Protesters smoke water pipes in front burning tires that were set on fire to block a road, at Martyrs Square, in downtown…
Protesters smoke water pipes in front burning tires that were set on fire to block a road, at Martyrs' Square, in downtown Beirut, Lebanon, March 6, 2021.

BEIRUT - Demonstrators blocked various roadways across Lebanon for the fifth day in a row Saturday, and a heavy army presence filled parts of the capital as anger simmered over the country's economic downturn.

Caretaker Prime Minister Hassan Diab threatened in a speech earlier in the day to stop performing his duties to pressure politicians to form a new government.

Groups of protesters have been burning tires daily to block roads since the Lebanese currency tumbled to a new low Tuesday, enraging a population long horrified by the country's financial meltdown.

On Saturday a small group of protesters in front of the banking association demanded access to their deposits, then walked to the parliament building in downtown Beirut to express their frustration. Around 50 demonstrators burned tires in Martyrs' Square in central Beirut.

Unemployment, hunger

Lebanon's financial crisis, which erupted in 2019, has wiped out jobs, raised warnings of growing hunger and locked people out of their bank accounts. A new cabinet could implement reforms needed to trigger billions of dollars of international aid.

The country has been rudderless since August when Diab's cabinet resigned after the Beirut port explosion that devastated a massive swath of the capital.

Protesters burn tires to close the main road, after the Lebanese pound hit a record low against the dollar on the black market, in Beirut, Lebanon, March 6, 2021.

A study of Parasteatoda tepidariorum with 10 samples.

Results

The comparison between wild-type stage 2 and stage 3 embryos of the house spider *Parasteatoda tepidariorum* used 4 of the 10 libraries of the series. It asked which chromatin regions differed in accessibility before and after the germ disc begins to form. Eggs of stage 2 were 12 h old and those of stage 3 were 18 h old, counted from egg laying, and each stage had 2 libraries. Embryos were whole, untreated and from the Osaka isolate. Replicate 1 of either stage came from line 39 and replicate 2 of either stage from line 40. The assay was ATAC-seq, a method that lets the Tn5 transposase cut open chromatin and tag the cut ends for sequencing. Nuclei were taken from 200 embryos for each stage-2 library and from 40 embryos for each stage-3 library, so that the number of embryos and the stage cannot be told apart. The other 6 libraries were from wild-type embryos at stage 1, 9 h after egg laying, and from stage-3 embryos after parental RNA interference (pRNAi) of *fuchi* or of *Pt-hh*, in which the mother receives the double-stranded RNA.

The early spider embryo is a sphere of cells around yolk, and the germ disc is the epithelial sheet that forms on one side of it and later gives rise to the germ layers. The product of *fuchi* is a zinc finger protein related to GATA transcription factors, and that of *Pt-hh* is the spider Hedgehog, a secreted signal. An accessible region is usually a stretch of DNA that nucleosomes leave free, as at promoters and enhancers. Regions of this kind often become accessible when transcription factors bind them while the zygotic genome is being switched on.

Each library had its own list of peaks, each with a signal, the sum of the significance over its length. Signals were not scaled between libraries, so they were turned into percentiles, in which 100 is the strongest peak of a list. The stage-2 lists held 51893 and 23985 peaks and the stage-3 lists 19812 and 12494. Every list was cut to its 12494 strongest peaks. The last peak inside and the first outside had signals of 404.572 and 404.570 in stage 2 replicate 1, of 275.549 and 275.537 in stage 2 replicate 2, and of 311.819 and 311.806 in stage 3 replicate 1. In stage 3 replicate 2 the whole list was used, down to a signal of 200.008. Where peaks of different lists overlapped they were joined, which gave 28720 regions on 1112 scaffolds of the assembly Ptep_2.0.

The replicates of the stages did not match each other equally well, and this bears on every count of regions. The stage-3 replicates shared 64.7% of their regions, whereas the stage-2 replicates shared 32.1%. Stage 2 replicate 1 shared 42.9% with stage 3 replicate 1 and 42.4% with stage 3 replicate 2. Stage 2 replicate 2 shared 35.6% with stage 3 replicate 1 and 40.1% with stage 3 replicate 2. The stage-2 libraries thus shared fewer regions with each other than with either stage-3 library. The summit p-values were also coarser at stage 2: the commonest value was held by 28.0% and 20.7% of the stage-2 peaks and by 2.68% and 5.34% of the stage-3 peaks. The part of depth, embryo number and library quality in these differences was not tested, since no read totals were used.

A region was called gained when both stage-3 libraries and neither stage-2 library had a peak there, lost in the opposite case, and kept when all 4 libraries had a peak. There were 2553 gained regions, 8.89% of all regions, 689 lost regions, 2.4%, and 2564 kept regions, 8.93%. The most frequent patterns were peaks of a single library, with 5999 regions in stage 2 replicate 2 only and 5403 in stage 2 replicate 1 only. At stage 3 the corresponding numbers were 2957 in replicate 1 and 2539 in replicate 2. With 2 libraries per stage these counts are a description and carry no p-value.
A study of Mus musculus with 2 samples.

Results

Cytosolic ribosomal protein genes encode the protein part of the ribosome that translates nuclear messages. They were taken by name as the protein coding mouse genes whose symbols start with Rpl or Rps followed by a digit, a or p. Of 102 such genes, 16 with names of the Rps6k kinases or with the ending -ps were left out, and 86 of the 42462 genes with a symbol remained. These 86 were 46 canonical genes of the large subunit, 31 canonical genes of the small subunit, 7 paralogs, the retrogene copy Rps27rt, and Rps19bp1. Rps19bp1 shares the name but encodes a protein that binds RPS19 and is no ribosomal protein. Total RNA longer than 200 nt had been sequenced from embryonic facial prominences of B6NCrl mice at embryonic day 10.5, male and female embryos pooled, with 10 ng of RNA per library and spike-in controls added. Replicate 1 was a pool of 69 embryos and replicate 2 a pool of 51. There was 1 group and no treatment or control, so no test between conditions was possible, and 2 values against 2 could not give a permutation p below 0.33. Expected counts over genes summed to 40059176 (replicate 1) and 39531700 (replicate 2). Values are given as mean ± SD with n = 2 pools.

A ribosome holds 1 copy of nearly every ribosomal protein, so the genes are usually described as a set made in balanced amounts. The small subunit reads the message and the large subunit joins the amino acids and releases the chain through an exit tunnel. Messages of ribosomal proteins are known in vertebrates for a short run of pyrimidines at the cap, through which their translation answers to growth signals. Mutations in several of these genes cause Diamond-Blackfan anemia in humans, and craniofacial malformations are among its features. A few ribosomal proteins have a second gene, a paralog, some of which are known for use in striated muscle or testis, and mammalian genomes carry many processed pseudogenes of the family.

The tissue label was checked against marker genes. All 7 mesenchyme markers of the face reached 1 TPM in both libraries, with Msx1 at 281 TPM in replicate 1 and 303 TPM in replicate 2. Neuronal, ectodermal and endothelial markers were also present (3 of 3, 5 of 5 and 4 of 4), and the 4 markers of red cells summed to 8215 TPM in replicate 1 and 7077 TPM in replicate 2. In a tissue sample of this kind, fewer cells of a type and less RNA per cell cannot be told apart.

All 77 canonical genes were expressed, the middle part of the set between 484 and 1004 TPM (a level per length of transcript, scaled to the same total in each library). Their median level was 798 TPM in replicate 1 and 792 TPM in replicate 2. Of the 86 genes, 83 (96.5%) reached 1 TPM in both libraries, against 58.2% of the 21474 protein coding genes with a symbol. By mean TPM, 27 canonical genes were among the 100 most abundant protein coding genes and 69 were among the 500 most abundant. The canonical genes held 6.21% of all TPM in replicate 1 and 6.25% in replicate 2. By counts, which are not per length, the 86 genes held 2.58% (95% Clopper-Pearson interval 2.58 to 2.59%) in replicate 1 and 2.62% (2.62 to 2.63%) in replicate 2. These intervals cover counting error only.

Prime Minister-designate Saad al-Hariri was nominated in October but has failed to form a new cabinet because of the political deadlock between him and President Michel Aoun.

"If seclusion helps with cabinet formation, then I am ready to resort to it, although it goes against my convictions for it disrupts the entire state and is detrimental to the Lebanese," Diab said in a televised speech.

The collapse of the Lebanese pound, to 10,000 to the dollar on Tuesday, was the last straw for many who have seen prices of consumer goods such as diapers and cereals nearly triple since the financial crisis erupted.

What can a caretaker do?

"Doesn't the scramble for milk constitute a sufficient incentive to transcend formalities and roughen out the edges in order to form a government?" Diab said, referring to a recent Beirut supermarket incident in which shoppers fought over powdered milk.

A video of the squabble went viral on social media, underscoring the desperate state of the economy.

"Social conditions are aggravating, financial conditions are putting a severe strain on the country, political conditions are increasingly complex," Diab added in his speech.

"The country is confronted with enormous challenges that a normal government cannot face without political consensus, so how can a caretaker government face these challenges?"